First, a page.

Where has the conference silly season left the debate on economic policy? George Osborne claims to have routed his critics: fiscal austerity has produced recovery. Labour, seemingly amazed that recovery has happened, has promised that a Labour government will continue to cut the deficit, albeit a little more slowly. The Liberal Democrats would join them in the slower lane. The main point of difference seems to be that “Labour cuts” will be fairer than “Tory cuts”.
The budget outcomes tell a different story. Osborne will have failed by a wide margin to meet his deficit-reduction targets in this parliament. The deficit is now likely to be more than £70bn in March 2015, when it should have been zero. This is a prima facie indication that the theory linking fiscal tightening with recovery was wrong.
The theory was that cutting government spending would cause the economy to grow. The growth of the economy would increase government revenue sufficiently to balance the budget over five years. The still-gaping hole in the budget is the result of the economy’s failure to grow to plan since 2010.
But still, Osborne’s defenders argue, the economy has finally started to grow. Is that not proof that austerity has finally started to work? This is a good example of the post hoc, ergo propter hoc – “after this, therefore because of this” – fallacy.
There is no reputable theory that says that cutting public spending in a slump will induce a recovery. In fact, theory tells you the opposite. A slump comes about because, for one reason or another, the private sector is spending less than it was. If the government reduces its spending at the same time, this will make the slump worse, not better.
There is one possible exception: if wealth-holders believe that the government needs to cut its deficit – because otherwise, say, Britain would “go the way of Greece” – then the announcement of a credible deficit-reduction plan might increase their confidence in the future and cause them to increase their spending.
However, one would need to argue that such confidence-boosting effects would fully offset the demand-destroying effects of actual and anticipated cuts in public spending. The empirical evidence is that they do not, and for good reason: there are many more people whose spending would be reduced by the cuts than those whose “confidence” would be boosted by them.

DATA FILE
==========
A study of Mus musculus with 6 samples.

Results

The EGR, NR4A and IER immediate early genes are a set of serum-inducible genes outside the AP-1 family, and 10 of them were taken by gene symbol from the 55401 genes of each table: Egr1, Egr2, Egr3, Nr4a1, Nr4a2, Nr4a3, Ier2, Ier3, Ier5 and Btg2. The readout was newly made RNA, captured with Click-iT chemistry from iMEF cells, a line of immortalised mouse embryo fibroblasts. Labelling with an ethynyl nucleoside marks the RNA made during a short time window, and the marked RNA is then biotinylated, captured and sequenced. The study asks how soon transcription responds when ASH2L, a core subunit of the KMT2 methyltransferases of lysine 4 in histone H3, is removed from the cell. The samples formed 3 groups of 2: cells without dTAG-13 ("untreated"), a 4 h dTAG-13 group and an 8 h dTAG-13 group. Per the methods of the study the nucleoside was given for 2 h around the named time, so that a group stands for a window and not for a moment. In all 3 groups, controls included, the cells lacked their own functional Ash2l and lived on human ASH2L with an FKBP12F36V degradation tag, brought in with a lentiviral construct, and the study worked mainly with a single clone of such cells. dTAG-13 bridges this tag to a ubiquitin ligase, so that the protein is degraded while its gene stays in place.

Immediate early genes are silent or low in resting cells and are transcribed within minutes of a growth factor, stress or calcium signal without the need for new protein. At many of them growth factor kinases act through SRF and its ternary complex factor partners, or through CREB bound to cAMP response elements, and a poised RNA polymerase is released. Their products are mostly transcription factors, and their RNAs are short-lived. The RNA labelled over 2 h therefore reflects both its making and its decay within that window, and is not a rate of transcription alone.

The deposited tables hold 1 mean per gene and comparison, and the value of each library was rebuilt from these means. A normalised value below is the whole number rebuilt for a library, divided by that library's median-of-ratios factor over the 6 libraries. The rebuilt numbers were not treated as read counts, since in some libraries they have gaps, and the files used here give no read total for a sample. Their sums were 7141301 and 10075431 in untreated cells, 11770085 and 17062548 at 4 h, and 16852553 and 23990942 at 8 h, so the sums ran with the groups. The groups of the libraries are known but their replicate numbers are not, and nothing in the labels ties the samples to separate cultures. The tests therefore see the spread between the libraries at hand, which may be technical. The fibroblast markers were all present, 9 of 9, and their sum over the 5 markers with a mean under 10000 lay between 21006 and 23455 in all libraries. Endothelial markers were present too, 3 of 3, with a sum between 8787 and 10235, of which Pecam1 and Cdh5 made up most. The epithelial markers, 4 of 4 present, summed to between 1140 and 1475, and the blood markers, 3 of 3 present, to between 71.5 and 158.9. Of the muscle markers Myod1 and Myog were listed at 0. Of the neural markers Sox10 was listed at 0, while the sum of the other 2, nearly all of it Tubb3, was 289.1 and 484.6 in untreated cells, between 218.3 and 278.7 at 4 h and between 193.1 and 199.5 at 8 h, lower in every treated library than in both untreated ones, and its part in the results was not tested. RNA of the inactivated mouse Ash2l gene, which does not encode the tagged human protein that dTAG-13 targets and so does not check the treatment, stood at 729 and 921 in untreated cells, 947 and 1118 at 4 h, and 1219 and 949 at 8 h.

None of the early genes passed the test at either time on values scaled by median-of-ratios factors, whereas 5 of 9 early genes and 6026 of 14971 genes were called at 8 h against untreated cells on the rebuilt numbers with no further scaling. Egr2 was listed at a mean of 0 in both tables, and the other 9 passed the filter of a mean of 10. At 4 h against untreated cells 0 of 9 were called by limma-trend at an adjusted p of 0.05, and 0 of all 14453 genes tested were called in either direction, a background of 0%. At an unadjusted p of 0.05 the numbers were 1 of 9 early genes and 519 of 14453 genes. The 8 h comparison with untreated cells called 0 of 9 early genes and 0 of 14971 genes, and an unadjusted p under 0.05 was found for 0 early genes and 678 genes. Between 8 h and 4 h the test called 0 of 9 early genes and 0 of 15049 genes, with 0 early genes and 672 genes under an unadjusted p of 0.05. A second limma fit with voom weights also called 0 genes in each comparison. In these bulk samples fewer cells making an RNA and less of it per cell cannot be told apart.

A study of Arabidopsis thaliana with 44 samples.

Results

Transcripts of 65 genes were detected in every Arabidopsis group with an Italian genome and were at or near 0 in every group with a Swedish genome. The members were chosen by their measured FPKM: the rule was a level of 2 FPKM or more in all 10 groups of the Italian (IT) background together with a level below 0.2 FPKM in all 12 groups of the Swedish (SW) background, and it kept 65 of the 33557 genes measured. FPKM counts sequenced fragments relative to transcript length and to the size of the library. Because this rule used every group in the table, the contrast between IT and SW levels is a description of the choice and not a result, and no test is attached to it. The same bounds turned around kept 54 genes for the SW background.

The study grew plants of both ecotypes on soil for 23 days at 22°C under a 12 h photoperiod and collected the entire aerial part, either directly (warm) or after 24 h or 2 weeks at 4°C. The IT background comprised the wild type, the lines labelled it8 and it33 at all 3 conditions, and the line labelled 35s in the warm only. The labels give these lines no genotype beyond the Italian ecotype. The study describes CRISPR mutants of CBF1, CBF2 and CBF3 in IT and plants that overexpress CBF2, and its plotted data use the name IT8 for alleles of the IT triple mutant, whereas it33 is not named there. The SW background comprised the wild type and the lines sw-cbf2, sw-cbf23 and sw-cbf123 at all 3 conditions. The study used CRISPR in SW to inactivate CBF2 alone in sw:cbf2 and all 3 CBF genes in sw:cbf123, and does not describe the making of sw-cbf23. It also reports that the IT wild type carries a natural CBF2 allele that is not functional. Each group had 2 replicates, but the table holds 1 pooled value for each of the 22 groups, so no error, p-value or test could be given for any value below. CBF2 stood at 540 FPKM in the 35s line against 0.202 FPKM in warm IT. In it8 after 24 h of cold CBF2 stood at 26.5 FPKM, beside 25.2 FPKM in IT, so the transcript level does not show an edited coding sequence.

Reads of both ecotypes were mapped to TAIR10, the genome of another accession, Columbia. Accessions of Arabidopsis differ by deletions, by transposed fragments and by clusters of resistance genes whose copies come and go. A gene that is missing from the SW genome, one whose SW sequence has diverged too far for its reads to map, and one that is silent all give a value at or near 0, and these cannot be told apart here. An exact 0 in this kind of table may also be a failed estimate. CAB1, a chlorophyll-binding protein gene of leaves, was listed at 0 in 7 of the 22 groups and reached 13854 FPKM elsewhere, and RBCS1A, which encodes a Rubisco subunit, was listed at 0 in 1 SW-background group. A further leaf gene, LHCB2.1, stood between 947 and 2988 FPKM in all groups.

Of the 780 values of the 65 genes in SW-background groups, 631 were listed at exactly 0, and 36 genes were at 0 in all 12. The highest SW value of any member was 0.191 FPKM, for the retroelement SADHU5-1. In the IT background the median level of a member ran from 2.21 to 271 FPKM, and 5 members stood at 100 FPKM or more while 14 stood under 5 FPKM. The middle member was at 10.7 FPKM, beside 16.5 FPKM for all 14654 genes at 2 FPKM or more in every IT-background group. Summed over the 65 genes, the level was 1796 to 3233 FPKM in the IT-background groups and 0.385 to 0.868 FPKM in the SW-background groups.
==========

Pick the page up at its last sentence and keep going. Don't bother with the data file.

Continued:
But still, is not the recovery of the economy sufficient vindication of Osbornism, even if the mechanism of recovery is not quite as he depicts it?
Certainly not. The most important point to understand is that all economies recover from a slump sooner or later. After a lapse of time, the rundown of existing capital stock, together with disinvestment in working capital and surplus stocks, will make new investment more profitable; a Pigou or “real balance” effect will come into play as wealth-holders benefit from the fall in prices (or inflation rate) and start buying depreciated assets and consumption goods. These are the “automatic” recovery forces. John Maynard Keynes himself never denied they existed. His argument was that after the kind of shock we have experienced, they would be too slow and too weak to produce a quick or full recovery.
In addition to these “automatic” forces, a deliberate economic stimulus in the form of quantitative easing (QE) made the slump of 2008-09 shallower than it would have been, and helped the subsequent recovery in 2013-14. The Funding for Lending scheme, introduced in 2012, has also helped. It is QE, not confidence in government finance, that has kept the cost of government borrowing down to near zero.
Despite these automatic and deliberate offsets to fiscal austerity, the recovery has been the slowest on record. It has taken six years for the UK to regain pre-recession levels of output. Osborne’s supporters argue that, given the damage to the banking system, no quicker recovery could have come about. What this amounts to saying is that the “automatic” recovery forces were weaker than one might have hoped. But this was no argument for weakening them further by fiscal contraction, rather for offsetting the banking weakness by fiscal expansion.
Thus the coalition’s policy is doubly damned. It has prolonged the recession and promoted a lopsided and unbalanced recovery which promises another collapse in the not-distant future.
It is still open to Labour (and the Lib Dem sceptics within the coalition) to attack Osborne’s policy on these lines.
Instead of vying with him in his cutting zeal, confining its criticism to the “fairness” of the actual measures proposed, Labour should be arguing two things. First, it should point out that the policy of balancing the budget by Osborne cuts has not balanced it at all, and holds out little hope of balancing it in 2017-18, since the £38bn of extra cuts he needs to do hit the source of future government revenues.
Second, it should argue that the budget should be balanced by investing in the economy. Now is an ideal time for the state to build new housing; renew infrastructure; prevent, mitigate, and adapt to climate change; equip schools and hospitals with broadband; and reverse cuts to local authorities’ capital spending. It should promise that every pound saved from cutting current spending on public services will be added to the capital of Vince Cable’s Green Investment Bank. This would boost its capital from £4bn to £41bn over five years, and in addition, it would immediately be allowed to borrow.
Will Labour do this? Probably not: it is too scared to offer an alternative narrative based on principle and good theory. Thus the debate is not properly joined, and Labour will pay the electoral price.